In today’s world, we are faced with an unprecedented amount of information. Sometimes, it feels like it is coming at us like water from a firehose. For the first time in history, an average person with no particular expertise on a subject has easy access to tools which allow him or her to look authoritative and to put sometimes spurious information out on the web. Add to this that the conspiracy theorists may have a lot more time on their hands than the ‘experts’, whose academic jobs often have heavy administrative loads, and you get a situation where the bad information sometimes out-multiplies the good.
In many ways, the Internet has given the ‘trolls’ a bully pulpit to promote strange views. Eventually, and we might not be far from it now, for every true proposition that exists there will be a YouTube video saying it is not true. This does not mean that all alternate views are wrong. It does not mean that people who believe in an alternate theory are ignorant, neither does it mean they are necessarily misinformed. What it means, however, is that there is so much bad information floating around in cyberspace that sorting the wheat from the chaff can be incredibly difficult sometimes.
It’s not always easy to tell good information from bad. Even the experts sometimes struggle, but this is especially true when one lacks training in the subject and in the methods used to approach that subject. There are many traps into which a newbie can fall. These include drawing conclusions while missing basic facts, misunderstanding subtle nuances, slipping into ‘confirmation bias’ after cherry picking statistics, and not understanding where the sources from which they are getting information lapse into rhetorical trickery, selected omission of relevant details, or outright lies. Thus, there is a lot of misinformation floating around, and it is rarely presented in a sober, neutral manner. Instead, there is very much an ‘us vs. them’ attitude displayed in a lot of modern conspiratorial writing. We see time and again that the people who disagree with the conspiracists’ theories are not just called out as being wrong, they’re presented as evil and deceptive. Friends, among fellow Christians this should not be true!
Scripture tells us “Do not be conformed to this world, but be transformed by the renewing of your mind, that by testing you may discern what is the will of God, what is good and acceptable and perfect” (Romans 12:2). As Christians, “we have the mind of Christ” (2 Corinthians 2:16b). The idea is that as we mature as Christians, we become better at thinking as Christians. This means that we should become more and more conformed to Scripture over time. First and foremost, Christian thinking should be characterized by loyalty to Christ and His Gospel. This means that our loyalty cannot be to a particular conspiracy theory or alternate ideology.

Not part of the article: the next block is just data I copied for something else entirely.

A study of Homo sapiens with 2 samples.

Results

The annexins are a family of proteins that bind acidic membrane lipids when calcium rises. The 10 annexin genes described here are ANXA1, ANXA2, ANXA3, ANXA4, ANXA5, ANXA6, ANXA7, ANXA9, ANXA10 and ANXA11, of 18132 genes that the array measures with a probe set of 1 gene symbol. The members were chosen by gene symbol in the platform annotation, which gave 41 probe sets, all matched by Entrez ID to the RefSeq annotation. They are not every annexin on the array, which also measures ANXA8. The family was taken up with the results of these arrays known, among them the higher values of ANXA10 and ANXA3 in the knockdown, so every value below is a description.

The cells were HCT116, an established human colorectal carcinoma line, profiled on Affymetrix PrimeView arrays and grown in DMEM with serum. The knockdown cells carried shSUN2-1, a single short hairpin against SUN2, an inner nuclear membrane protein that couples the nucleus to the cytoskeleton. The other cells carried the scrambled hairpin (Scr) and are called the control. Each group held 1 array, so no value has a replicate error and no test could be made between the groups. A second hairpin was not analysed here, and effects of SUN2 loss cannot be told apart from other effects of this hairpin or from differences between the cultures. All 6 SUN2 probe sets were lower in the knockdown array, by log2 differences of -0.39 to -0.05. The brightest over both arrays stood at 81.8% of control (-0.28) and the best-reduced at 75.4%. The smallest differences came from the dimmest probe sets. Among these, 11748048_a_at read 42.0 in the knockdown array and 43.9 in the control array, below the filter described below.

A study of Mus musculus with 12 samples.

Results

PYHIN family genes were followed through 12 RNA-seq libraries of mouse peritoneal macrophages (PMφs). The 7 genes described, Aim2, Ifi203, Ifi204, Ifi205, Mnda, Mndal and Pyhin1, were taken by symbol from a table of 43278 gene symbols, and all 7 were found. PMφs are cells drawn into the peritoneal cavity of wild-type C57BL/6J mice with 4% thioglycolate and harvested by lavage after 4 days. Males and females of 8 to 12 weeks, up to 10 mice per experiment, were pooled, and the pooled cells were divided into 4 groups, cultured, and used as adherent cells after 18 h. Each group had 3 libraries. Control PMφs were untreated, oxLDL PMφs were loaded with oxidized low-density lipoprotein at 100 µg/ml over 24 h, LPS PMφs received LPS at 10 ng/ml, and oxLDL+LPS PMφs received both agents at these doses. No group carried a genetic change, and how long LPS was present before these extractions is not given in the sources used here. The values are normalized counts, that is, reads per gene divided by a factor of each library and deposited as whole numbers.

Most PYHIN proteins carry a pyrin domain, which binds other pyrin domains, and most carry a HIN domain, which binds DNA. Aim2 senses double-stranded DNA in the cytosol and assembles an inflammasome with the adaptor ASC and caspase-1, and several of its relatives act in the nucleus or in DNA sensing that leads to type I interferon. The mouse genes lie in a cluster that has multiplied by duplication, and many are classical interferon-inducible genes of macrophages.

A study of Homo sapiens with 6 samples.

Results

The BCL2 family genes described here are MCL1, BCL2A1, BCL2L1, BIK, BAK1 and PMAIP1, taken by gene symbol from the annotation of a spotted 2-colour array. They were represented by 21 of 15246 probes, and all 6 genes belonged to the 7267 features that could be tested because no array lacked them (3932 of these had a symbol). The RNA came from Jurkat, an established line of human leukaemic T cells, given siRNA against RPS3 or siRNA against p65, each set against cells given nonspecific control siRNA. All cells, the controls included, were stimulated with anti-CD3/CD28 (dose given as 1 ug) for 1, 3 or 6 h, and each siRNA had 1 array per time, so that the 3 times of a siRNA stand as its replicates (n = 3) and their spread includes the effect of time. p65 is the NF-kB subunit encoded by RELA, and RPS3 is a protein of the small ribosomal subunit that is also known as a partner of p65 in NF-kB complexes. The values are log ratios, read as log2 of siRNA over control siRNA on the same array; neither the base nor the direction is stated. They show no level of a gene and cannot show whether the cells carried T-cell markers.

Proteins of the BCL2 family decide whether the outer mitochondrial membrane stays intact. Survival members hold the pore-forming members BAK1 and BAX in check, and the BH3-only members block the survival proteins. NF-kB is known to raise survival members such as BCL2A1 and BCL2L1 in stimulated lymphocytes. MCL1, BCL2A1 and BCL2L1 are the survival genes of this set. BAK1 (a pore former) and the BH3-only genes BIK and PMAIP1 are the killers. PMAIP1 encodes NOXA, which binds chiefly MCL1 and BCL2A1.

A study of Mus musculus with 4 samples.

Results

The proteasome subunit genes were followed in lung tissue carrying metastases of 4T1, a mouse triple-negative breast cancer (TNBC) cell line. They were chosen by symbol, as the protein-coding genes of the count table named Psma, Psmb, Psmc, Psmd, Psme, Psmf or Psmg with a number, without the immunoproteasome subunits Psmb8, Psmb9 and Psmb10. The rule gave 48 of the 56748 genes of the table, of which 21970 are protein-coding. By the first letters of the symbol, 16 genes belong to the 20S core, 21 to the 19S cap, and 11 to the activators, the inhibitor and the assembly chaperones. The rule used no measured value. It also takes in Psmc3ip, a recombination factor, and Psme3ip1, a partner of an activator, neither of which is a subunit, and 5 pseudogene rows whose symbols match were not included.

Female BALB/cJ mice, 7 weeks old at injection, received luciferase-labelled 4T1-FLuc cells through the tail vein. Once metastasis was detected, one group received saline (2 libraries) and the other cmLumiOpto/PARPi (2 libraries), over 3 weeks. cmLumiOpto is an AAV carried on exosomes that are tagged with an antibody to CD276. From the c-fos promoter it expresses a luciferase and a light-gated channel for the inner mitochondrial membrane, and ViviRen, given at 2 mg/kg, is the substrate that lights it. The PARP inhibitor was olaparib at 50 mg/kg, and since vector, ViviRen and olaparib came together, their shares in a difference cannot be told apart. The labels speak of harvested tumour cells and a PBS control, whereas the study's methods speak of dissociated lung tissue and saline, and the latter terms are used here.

There are some warning signs that may indicate that one’s ideology or theories may be overtaking one’s commitment to the Gospel and the truth of Scripture:
These points also apply to those in the ‘biblical creationist’ community. Sometimes we find ourselves missing the point of studying creation. Discussing the creation-evolution issue with other people is a means to an end, not an end in itself. They should know you are a Christian, not just an iconoclast.
Polls show that a large majority of people in America, and to a lesser extent in most other Western nations, claim to be Christian, but no one can look at our media, our politics, and our culture, and conclude that this is actually the case. If Christians simply ‘kept the main thing the main thing’ and maintained a focus on Christ and the clear teachings of Scripture, it would transform the nature of our discourse.
It is easy to point fingers. We can easily condemn a nebulous ‘them’, “because we’re creationists!” If you think about it, the very nature of biblical creation means that we’re comfortable rejecting the ‘scientific consensus’. This often means we are also more open to other minority views. We especially have to be careful that we embrace creation in a way that is consistent with “being transformed by the renewing of our minds” (Romans 12:2). This means we can’t promote an ‘us vs. them’ attitude when talking to believers who are not creationists—we should be working to persuade them. We can, and should, take a hard stance against those who teach errors about creation (see any of CMI’s articles about BioLogos, for instance), but if someone is a believer in Christ, they are our brother or sister in the faith, even though they may not be ‘there’ yet regarding creation.
This is the number-one reason why CMI focuses on the local church. Our main ministry is to send speakers to them, and we do 1000+ events of this type worldwide annually. Each church hears a ‘relevance’ message that explains the importance of biblical creation and how it relates to the Christian worldview and to evangelism, and we leave them equipped with resources like Creation magazine and The Creation Answers Book. Some people have even become believers as a result of CMI ministry, but the much more common effect is that those who are already believers become more passionate about their faith as they realize that the Bible can be trusted from the very first verse. This means they become more effective as they serve and evangelize in their own churches and communities.
And that, ultimately, is part of what being conformed to the mind of Christ looks like.